Pubdate: Fri, 17 Dec 2010
Source: Denver Post (CO)
Copyright: 2010 The Denver Post Corp
Author: John Ingold
Note: Staff writer Margaret Jackson contributed to this report.


The high temperature in Steve Lach's hometown in Hawaii on Thursday
was 80 degrees, which is to say he had better have a darn good reason
for spending the weekend in chilly Denver.

Starting today, Lach will be hunkered in a booth at KushCon, where he
will be showing off and autographing his handmade smoking pipes, some
of which are plated in 22-karat gold. If ever there were an example of
the gravitational pull KushCon has had on the marijuana industry, Lach
is it.

"The (trade shows) in California pale in comparison," said Lach, who
owns Celebration Pipes. "Colorado is the geographic center of the
universe for this industry."

This edition of KushCon - a "cannabis lifestyle" convention that runs
until Sunday at the Colorado Convention Center - underscores the
state's growing reputation within the pot community.

While Colorado may not yet be the center of marijuana culture, it is
the hub of marijuana business. KushCon organizers and exhibitors say
Colorado's for-profit model - legitimized by laws passed in the
legislature and rules soon to be adopted by state agencies - is the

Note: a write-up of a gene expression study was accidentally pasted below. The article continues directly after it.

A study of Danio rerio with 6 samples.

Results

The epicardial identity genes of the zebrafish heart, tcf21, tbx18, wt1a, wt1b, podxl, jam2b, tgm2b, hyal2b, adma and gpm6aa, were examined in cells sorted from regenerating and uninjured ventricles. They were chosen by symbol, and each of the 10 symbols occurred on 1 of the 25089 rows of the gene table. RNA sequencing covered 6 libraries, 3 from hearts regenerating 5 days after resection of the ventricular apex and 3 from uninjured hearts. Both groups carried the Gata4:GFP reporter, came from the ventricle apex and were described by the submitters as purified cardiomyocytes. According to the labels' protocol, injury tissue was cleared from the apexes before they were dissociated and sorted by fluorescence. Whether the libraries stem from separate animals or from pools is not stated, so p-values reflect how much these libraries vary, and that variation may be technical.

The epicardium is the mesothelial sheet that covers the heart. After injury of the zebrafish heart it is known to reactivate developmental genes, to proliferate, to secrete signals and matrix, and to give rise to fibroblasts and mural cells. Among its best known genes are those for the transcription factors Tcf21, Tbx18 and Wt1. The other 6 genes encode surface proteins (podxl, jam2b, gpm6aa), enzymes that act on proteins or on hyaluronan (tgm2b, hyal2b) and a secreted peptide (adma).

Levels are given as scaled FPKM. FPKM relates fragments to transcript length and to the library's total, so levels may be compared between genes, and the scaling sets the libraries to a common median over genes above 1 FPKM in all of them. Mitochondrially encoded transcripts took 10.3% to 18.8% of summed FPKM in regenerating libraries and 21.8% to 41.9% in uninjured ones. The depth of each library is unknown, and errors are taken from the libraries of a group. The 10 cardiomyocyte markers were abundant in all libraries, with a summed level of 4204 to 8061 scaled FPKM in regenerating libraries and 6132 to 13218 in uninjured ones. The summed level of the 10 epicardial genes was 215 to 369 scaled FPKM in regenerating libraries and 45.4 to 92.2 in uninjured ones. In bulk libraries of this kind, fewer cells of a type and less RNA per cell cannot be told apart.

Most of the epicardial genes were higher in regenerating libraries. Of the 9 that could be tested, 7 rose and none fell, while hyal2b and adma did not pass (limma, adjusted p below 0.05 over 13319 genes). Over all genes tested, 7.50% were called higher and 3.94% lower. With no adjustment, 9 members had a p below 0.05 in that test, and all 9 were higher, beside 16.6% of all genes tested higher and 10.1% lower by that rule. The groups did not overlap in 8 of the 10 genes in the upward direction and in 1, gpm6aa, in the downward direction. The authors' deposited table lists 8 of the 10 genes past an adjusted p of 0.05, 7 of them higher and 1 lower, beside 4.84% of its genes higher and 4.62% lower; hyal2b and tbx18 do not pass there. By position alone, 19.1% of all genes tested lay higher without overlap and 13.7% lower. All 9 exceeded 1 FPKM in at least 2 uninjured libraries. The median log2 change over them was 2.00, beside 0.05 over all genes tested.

envy of canna-business owners across the country.

"Denver is the leader in the world," said Michael Lerner, a marijuana
media mogul who is putting on the show. "Colorado is light-years ahead
of the rest of the world in how it regulates and taxes cannabis."

Speaking astronomically about KushCon seems fitting. This second
version of the trade show - the first was in April - stretches over a
cavernous 300,000 square feet in the convention center. More than 500
exhibitors will have booths at the show. Organizers have planned
concerts, cooking classes, glass-blowing demonstrations, skateboarding
exhibitions, panel discussions, speeches and thousands of dollars in

But it is the breadth of the show that makes it significant in the
cannabis world. Lerner, who owns Kush Magazine and, said
exhibitors from Maine to Hawaii and from eight countries are attending.

"This is the first time ever in the cannabis industry that everybody
is under one roof," Lerner said.

That the convention is taking place in Denver is not an accident.
Lerner said the state's booming medical-marijuana industry attracted
him - his media company is based in California - and he said many of
the exhibitors committed to the show because they wanted to see what
is happening in Denver firsthand.

The leaders of the National Cannabis Industry Association, a newly
formed trade group, also chose this week to hold their first meeting.
With a third of the group's members already living in Colorado - and a
number of others coming for the convention - it just made sense, said
Aaron Smith, the group's executive director.

Staff writer Margaret Jackson contributed to this report.